According to the latest update on Performance.gov, the administration has spent the past three months of the summer searching for best practices, working with low-scoring agencies on employee engagement and identifying specific executives to take the lead on individual workforce initiatives.
Though the developments of the past three months could seem minor, they indicate where the administration is headed as it continues efforts to prepare today’s federal workforce for future skills and address long-held frustrations with hiring and performance management.
But the latest updates also show just how many plates senior leaders at the Office of Management and Budget and Office of Personnel Management are spinning when it comes to federal workforce modernization.
OMB and OPM are leading ongoing conversations on improving the hiring process, reskilling federal employees and refocusing on performance management, to name a few activities.
The administration is scheduled to propose administrative and regulatory changes by next March to simplify the hiring process and give agencies more flexibilities, according to the Performance.gov update.
By the Office of Personnel Management’s last count, it took agencies an average of 106 days to hire a new employee in fiscal 2017.
According to OMB’s timeline of completed milestones, the administration has already developed an automated hiring tool for managers and evaluated promising best practices from existing federal demonstration projects and alternative personnel systems.
Homeland Security Department Chief Human Capital Officer Angela Bailey is taking the lead on the administration’s goal to shorten the hiring process. She was one of a few CHCOs who offered up her own ideas for altering the hiring process before the Senate Homeland Security and Governmental Affairs Committee earlier this year.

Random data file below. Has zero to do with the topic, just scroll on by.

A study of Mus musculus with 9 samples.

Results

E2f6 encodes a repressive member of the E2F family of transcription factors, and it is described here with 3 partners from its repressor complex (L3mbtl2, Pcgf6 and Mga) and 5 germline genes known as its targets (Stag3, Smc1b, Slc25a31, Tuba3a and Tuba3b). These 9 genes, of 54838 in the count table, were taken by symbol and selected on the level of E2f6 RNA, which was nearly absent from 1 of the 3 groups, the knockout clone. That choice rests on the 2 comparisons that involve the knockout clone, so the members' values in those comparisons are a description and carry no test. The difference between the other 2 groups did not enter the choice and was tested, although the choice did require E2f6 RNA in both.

Administration officials also met with the President’s Management Council and their chief human capital officers to discuss options for alternative ways to assess and measure candidates to the Senior Executive Service.
The Office of Management and Budget called on Scott Cameron, the Interior Department’s principal deputy assistant secretary for policy, management and budget, and Dorothy Aronson, chief information officer at the National Science Foundation, to focus on the broader reskilling activities for the federal workforce.
Over the summer, OMB identified agencies interested in taking the lead on certain reskilling opportunities for federal employees in specific occupations. It also prepared a survey for the chief executive councils to identify existing agency resources and career pathing tools.
“The surveys results will be used to develop a path forward to pilot and expand development of advanced technologies to enable a changing and increasingly mobile federal workforce to shape their careers and meet the predicted agency skills needs of the future,” the update reads.
And by the beginning of this new fiscal year, OMB is expected to identify the areas most suited for automation and then pilot those capabilities to demonstrate the potential return on investment, according to the update.
Employee engagement and performance
VA’s Deputy Chief Human Capital Officer Nathan Maenle and Camille Hoover, executive director for National Institute of Diabetes and Digestive and Kidney Diseases, are taking the lead on employee performance and engagement. Hoover helped promulgate a tool that NIH piloted, which is designed to help federal managers more quickly sift through and analyze Federal Employee Viewpoint Survey (FEVS) data.
A White House “tiger team” of leadership development fellows used this tool to work with low-performing agencies on the 2017 FEVS, the update said. Together, the tiger team helped low-performing agencies find opportunities to improve employee engagement.
Over the past few months, the administration drafted guidance designed to help low-performance agencies improve their FEVS scores. In the future, all agencies will be asked to give OPM more detail on their plans to improve engagement within six weeks of the final FEVS report publication.
“Each agency will provide OPM with a list of the identified work units by component/bureau,” the update reads. “In addition, each agency will provide a brief overview of the approach the agency and each of components/bureaus will take to reach 20 percent improvement within 60 days after the first submission.”
In addition, the White House tiger team has been collecting best practices to address poor employee performance from agencies.